Although Virus: 32 has some engaging horror sequences and a nice performance by Paula Silva, it doesn’t live up to its full potential.
There have been many horror flicks concocted during these pandemic times involving confined spaces, the themes of isolation and slowly-growing dread, and infections of some sort. Sometimes it’s for better or worse, as not many directors know how to work at such a rapid pace (since shooting days are cut down from the usual amount) and limited availability. Regardless, some directors did manage to deliver interesting creations during these last couple of years in captivity. It’s interesting to see how each director has a take on the pandemic and how it tackles those themes that come attached to it, like loneliness and anxiety. Films like Ben Wheatley’s In the Earth, The Adams’ Hellbender, and Rob Savage’s Host – although his follow-up, DASHCAM, which had similar aesthetics, was genuinely annoying and infuriating – are some of the better and most intriguing ones out of the bunch being made. Nevertheless, Gustavo Hernández’s Virus: 32 follows familiar footsteps in implementing a pandemic-esque narrative with some of the previously mentioned themes.
Virus: 32 centers around a security guard, Iris (Paula Silva), who is forced to take her daughter to work because she forgot to take the day off. The girl is stuck playing basketball at the sports club court, even though she has a broken arm and cast. While on the watch, Iris notices something strange happening when the night falls. People are sneaking into the facility, and Iris is now beginning to be worried for her daughter. These people are sick and becoming hunters who can only alleviate their “fever” by viciously killing all those not yet infected. A virus broke out and caused this brutal massacre all around the streets. The only chance Iris and her daughter have for salvation is when they discover that these infected hunters stop for thirty-two seconds once they finish attacking someone. The two of them must find a way out of the facility to survive the night.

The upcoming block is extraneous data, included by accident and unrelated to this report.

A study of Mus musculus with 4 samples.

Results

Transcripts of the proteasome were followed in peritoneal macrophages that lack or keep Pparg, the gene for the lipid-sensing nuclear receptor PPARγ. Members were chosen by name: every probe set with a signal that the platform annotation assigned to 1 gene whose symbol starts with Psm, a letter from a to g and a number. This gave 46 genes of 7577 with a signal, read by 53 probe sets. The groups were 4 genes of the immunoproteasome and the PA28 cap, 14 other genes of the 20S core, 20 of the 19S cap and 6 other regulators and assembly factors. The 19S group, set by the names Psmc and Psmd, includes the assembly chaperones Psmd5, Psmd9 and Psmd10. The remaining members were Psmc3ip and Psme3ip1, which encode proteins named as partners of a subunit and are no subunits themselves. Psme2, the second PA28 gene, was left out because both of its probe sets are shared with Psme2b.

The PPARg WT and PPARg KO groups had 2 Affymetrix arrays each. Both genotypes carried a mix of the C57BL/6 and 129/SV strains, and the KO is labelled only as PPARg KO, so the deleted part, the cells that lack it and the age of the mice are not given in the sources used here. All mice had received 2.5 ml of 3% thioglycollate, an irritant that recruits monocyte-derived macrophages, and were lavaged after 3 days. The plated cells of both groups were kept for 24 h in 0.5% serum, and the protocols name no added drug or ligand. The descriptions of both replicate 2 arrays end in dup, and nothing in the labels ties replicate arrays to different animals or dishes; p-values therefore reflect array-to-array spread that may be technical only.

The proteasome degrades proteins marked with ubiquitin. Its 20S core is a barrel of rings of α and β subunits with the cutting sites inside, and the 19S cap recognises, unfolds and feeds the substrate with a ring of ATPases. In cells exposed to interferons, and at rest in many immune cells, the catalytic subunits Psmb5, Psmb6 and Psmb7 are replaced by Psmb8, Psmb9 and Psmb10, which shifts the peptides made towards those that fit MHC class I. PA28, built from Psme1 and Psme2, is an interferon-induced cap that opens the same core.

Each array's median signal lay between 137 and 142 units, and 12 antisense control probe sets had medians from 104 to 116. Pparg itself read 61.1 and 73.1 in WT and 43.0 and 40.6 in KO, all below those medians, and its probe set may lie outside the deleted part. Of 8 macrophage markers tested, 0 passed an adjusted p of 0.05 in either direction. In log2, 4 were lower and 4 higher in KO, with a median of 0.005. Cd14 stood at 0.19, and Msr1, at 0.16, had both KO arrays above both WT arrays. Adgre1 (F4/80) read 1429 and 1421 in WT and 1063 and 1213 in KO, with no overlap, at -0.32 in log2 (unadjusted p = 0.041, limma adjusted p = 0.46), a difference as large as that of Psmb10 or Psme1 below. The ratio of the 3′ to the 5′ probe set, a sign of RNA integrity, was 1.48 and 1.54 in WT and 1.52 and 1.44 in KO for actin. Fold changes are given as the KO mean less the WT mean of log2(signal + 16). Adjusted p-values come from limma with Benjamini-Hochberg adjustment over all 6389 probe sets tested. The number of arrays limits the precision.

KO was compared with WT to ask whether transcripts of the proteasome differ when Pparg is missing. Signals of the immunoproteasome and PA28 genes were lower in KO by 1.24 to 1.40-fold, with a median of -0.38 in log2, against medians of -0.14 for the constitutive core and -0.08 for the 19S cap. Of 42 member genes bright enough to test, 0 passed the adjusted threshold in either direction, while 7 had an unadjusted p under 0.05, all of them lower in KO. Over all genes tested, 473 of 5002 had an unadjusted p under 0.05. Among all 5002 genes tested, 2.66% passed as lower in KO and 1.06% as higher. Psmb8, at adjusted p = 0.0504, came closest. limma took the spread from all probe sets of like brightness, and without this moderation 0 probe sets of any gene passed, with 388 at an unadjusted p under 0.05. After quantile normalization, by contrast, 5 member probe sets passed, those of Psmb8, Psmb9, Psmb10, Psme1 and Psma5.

It can be described as a zombie thriller, even though the term “zombie” isn’t mentioned as well as the people infected do not rise from the dead. Of course, horror flicks about viruses controlling the minds and bodies of people have been done before for a long while, even in the 1950s with the Jack Finney novel and Don Siegel picture, Invasion of the Body Snatchers. Yet, I feel quarantine inspired many horror directors to make something of the times. Nonetheless, Virus: 32 takes most of its influence and aesthetics from the 2007-hit REC, a film where a television reporter and her cameraman are trapped inside an apartment complex because a pathogen started transmitting amongst the people. It does not have the same camera movements, as it does not have a “cameraman” character, but it does contain many handheld shots throughout its horror set pieces (mostly in narrow sections or hallways). Those scenes have the most tension and pressure since the camera closes up on the characters, suffocating the viewer (in a good way).
The rest of its horror sequences or chases are not well-directed or choreographed compared to the previously mentioned claustrophobic ones. One of the reasons they aren’t as compelling is the lighting in some sequences; there are two scenes in particular. One uses a blood-red light that covers the entire scenery, and it looks pretty good for a couple of seconds, but since it is showered with many shadows and poor lighting, it is hard to see what is happening. The other involves a tension-filled sequence involving orange smoke flares. It revolves around not being able to see much since the whole area is covered in smoke; however, it is shot in a way that is a bit disorienting and confusing. A film can look gritty, dirty, and dark, which is fine, but you need to make sure that whatever is happening on-screen is visible to the audience, and Virus: 32 has several moments in which it is hard to do so.
On the brighter side, you feel connected to the characters, and there are moments when you worry about what may happen to them. One scene which involves an incinerator causes some emotional pulls to the audience. And although the character of Iris is not as profoundly written as Angela from REC, Paula Silva gives a good performance as a caring mother trying her best to get out of that hell hole and keep her daughter safe. Another small reservation I have is that it could have been bloodier. It had the potential to deliver some suitable kills and practical effects thanks to its makeup team (which did a fine job in the film). Albeit the movie holds back a little bit and shies away from pouring the buckets of crimson red onto the screen. Ultimately, Virus: 32 works in parts, not wholly, because there are segments where it achieves its true potential, and there are others in which it makes us question that stylistic or directorial decision.
Virus: 32 premieres exclusively on Shudder on Thursday, April 21, 2022 in the US, Canada, UK, Ireland, Australia, and New Zealand.